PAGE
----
A team coordinated by Tura Beach archaeologist Dr Judith Cameron has discovered and preserved the oldest complete shroud found in Southeast Asia, dating back some 2,300 years to the Bronze Age Dongson culture.
The cloth was found in a wooden boat-shaped coffin covered by thick black mud in a canal in the Red River plains area of Vietnam in December last year.
In what has been hailed as a major find, team leader Professor Peter Bellwood of the Australian National University said that the boat coffin – unearthed at Dong Xa, 50km southeast of Hanoi – was possibly also the oldest in Southeast Asia.
But Dr Cameron, who is Australia’s only textile archaeologist, said that the shroud was the primary artifact and the major target of the research team.
“We targeted water-logged sites because the best places to find perfectly preserved materials is in those areas or in deserts,” she said.
But finding the material is only part of the battle.
“Old cloths found previously have been lost when exposed to light,” she said.
Dr Cameron, also of the ANU, is working under a three-year Australian Research Council grant in collaboration with the National Museum of Australia to study archaeological textiles and improve laboratory conservation techniques in Vietnam.
In an expedition which had something of a Raiders of the Lost Ark feel about it, her team of two Australian and two Vietnamese archaeologists and four materials conservators from the museum started out using ground penetrating radar but found it would not work in the thick mud.
They then decided to drain one of the irrigation canals where local villagers had recently found a large Dongson era drum.
“This required government approval and we were given only 24 hours to complete the exercise,” she said.
“After walking up and down the canal watching the water drain from it, we saw a coffin protruding.
“We excavated using labourers hired from among the local villagers and had a huge group of Vietnamese spectators looking on.
“When the excavation was completed, the coffin was taken to Hung Yen provincial museum by truck.”
Her team blacked out the room and using only controlled lighting took several days, working 10 hours a day, to remove the soil from the cloth with small trowels and paint brushes.
“Heat and light have a devastating effect on organic material which has been hidden away for 2000 years,” Dr Cameron said.
They found a bark lid over the coffin, which contained the body of an adult male.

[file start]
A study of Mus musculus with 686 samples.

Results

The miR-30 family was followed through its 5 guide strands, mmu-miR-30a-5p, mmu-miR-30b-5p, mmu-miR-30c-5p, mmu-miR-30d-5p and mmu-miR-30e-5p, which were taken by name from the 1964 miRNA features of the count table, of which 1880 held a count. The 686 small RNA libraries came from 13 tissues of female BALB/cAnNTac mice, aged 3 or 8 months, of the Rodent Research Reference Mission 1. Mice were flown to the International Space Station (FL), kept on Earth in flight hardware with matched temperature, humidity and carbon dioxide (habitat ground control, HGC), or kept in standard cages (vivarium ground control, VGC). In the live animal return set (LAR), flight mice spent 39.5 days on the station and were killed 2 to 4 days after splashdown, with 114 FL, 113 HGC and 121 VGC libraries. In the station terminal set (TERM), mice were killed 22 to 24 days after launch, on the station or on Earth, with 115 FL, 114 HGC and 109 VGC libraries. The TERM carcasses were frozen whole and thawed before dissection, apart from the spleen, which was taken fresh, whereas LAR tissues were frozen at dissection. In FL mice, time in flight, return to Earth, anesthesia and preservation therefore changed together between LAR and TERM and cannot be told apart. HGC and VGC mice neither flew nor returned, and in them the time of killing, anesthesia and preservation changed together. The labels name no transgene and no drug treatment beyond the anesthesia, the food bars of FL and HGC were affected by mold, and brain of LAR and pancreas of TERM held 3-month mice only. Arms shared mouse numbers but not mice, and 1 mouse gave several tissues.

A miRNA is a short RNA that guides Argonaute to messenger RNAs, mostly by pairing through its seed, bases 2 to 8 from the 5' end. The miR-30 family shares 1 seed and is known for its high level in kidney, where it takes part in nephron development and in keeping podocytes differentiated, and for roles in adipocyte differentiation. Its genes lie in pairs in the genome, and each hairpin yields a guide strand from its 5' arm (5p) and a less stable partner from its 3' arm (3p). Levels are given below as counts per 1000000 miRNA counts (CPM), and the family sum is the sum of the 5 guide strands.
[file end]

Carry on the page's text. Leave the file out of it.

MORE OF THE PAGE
Covering the body was the complete shroud measuring 2281mm by 637mm.
Dr Cameron said the shroud had been placed in a freezer in Hanoi for interim preservation until her team can return to Vietnam in July.
“Nothing like this has been done before in Southeast Asia. Conservators do not normally go on excavations with archaeologists,” she said.
“We have the only complete shroud found in Southeast Asia.
“Our expedition was called the Dongson Textile Project and its main aim was to find textiles.
“The coffin itself is also important and it is being preserved in a polyethylene glycol solution,” she said.
“It also contained Chinese coins from around 200-300BC, some glass beads, a pottery jar at the head of the corpse and inside it a lacquer bowl, but the shroud is the primary artifact.”
Dr Cameron said the Dongson people are revered by the Vietnamese as the beginning of the ancient Viet race.
They are believed to have settled the Red River Delta area around 700 BC.
“It is a very onerous responsibility to ensure we do not damage such precious cultural material,” she said.
“The shroud is very rare and the most essential thing is to make sure we don’t lose it.”
Dr Cameron said that the cloth was so well preserved because oxygen in the atmosphere had not been able to penetrate the dense black clay/mud in which it was found.
Other shrouds of similar age that have been found in other places have disintegrated within hours through a process known as chemoluminosence.
Dr Cameron said she had put the age of the shroud at about 2,300 years and described it as having the thickness of linen – about 2/3mm.
The team also excavated a further 20 secondary burials from the same Dongson period which contained many more examples of cloth, embroidery, weaves and dyes used in prehistoric times.
She said prehistoric textiles take on the colour of the soils in which they are found, but after washing some of the samples, dyed fragments were found.
Dr Cameron said the discovery had made her team celebrities in Vietnam.
“We were on national television and in the newspapers and featured at a Dongson culture conference,” she said.
Dr Cameron said the decision to be made when they returned to Vietnam was whether to proceed any further with investigation of the shroud or to preserve it as an exhibit.
“I will be going back for two weeks this month to check on its condition and then in July with the museum conservators when we get our new round of funding,” she said.
“There could potentially be many more prehistoric textiles at waterlogged sites in the area,” she said.
“The question is how much more material can we handle. There are so many canals that have not yet been investigated.”
Dr Cameron said the shroud and other pieces of cloth found at Dong Xa appear to have been made from bast fibres such as ramie or hemp and the matting underneath the shroud to have been made from seagrass (sedge).
“Women produced the cloth,” she said. “We know that because the production tools are found only in women’s graves.”
Dr Cameron said she first went to Vietnam seven years ago to look for cloth production tools and it had taken several years to gain the confidence and acceptance of her Vietnamese colleagues, resulting in this first Vietnam-Australia collaboration of its kind.
She said that while debate continues on the origins of the Dongson people, her view is that the Dognson groups in Vietnam were inextricably linked to Bronze Age groups from the area of South China now known as Yunnan and Guangdong.